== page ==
Does a cell phone's name spell its success?

While Motorola's RAZR launched an industry movement into "cooler" names, the now financially ailing manufacturer was soon outdone by names such as the Samsung Blackjack and LG Chocolate, a new study says.

"Better cell phone names equal better marketplace performance." That's the key finding of a new report from analyst firm Strategic Name Development.

The report, however, doesn't deal directly with the impact of factors that many might consider much more important to a phone's success, such as a phone's functional performance, technical innovation, distribution, and pricing.


Motorola's ROKR E8 phone, announced July 2008When Motorola rolled out the RAZR in Q3 2004, its share of the US cell phone market soared to 35%, the researchers note in their report. But although subsequent names from Motorola like the ROKR, SLVR, and even the PEBL kept working, Motorola's pattern of "4LTR, vowel-omitted" names began to seem trite and nonsensical to the buying public when the company started to resort to names like "KRZR."

Within a couple of years of the RAZR's debut, LG and Samsung caught on to effective cell phone naming. Nokia, however, never really did, according to the report.

In Q3 of 2005, each three of those companies held a 16% share of the US market. But by Q2 2008, LG and Sansung had each grabbed a 20% share, whereas Nokia's had slid to 9%.

Samsung Blackjack"Following the success of the BlackJack, and building on the compound word pattern, Samsung introduced the UpStage in March of 2007. The UpStage name was meant to imply that this phone upstages the competition with its dual screens, one on each side of the phone. During the fall of 2007, Samsung brought out the FlipShot and the easy to remember Juke. The FlipShot name strongly reinforces the phone's functionality. The phone flips up, twists and becomes a 3.0 megapixel camera," according to the study.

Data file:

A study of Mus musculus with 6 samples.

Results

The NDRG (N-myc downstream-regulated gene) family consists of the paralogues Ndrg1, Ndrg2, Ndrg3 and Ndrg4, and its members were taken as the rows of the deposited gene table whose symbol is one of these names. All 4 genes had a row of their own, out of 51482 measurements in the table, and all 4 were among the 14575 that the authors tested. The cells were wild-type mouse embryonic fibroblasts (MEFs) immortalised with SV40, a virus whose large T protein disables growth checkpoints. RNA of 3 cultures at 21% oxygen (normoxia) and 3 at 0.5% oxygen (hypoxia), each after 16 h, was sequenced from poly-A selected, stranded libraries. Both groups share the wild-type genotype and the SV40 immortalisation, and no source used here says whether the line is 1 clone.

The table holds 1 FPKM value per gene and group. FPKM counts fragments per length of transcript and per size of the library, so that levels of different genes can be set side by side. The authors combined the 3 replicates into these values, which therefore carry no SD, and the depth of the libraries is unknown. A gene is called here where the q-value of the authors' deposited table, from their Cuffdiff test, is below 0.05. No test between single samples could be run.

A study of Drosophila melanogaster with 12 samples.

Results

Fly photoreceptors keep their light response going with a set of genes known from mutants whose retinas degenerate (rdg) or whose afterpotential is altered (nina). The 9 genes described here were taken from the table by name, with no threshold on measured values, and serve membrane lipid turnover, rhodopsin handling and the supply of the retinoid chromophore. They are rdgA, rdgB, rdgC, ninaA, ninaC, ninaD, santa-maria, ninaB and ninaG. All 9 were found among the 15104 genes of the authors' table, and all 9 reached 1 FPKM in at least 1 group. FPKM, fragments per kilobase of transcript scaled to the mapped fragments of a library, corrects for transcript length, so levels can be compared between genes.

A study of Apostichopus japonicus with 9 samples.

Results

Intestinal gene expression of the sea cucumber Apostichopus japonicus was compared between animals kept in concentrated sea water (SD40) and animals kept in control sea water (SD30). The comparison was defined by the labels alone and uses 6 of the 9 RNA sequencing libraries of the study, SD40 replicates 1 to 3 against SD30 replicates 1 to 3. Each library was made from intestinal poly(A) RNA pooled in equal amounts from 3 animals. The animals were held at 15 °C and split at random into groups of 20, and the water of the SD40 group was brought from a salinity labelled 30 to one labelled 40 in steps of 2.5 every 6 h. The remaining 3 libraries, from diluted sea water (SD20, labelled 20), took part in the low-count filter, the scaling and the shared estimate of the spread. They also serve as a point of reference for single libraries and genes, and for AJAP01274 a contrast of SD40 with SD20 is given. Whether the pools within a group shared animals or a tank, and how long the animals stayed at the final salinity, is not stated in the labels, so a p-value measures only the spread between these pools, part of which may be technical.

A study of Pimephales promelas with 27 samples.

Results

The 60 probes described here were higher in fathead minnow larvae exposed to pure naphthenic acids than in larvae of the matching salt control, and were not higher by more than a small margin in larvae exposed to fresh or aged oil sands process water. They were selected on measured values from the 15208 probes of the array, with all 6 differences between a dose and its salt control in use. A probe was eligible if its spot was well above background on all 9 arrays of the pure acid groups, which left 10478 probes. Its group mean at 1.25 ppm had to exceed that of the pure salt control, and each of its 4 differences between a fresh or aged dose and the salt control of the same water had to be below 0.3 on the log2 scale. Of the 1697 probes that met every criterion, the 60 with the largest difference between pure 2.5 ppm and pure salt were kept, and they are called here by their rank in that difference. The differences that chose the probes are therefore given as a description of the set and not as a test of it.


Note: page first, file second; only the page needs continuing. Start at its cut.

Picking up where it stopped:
LG, meanwhile, followed up on its first "named" phone, the Fusic, with the Chocolate in the summer of 2006. "The Chocolate was one of the first, if not the first, major cell phone brand name that employed an aspirational metaphor...LG played on the seductiveness of chocolate candy," the researchers contended. "To extend the metaphor, the LG Chocolate even comes in a stylish package emulating a box of chocolates."

Nokia, on the other hand, has never gotten the hang of cell phone naming, producing models like the 8600 Luna and 8800 Arte, where the name is "usually preceded by a number, making the name seem like an afterthought," and the name doesn't "suggest any particular lifestyle."

To "validate" their findings, the analysts used market share statistics in conjunction with a survey they devised and conducted among 515 users.

"Our proprietary research among the target market confirms that Motorola's
cell phone names are no longer perceived as modern, creative, engaging, cool,
original or easy to remember. This is reflected in Motorola's market share erosion. By Q2 2008, Motorola's US share had declined a dramatic 14 points to 21%," according to the report.

Along with "Name Attributes" like "cool" and "modern," the survey participants rated cell phone names according to "Brand Architecture" attributes dealing with how a product name fits into a company's "family of names," as well as according to four "Fit to Product" attributes:

  • Names are intuitive;
  • Names are relevant;
  • Names give me a sense of what each device does;
  • These names are what I would expect in a device name.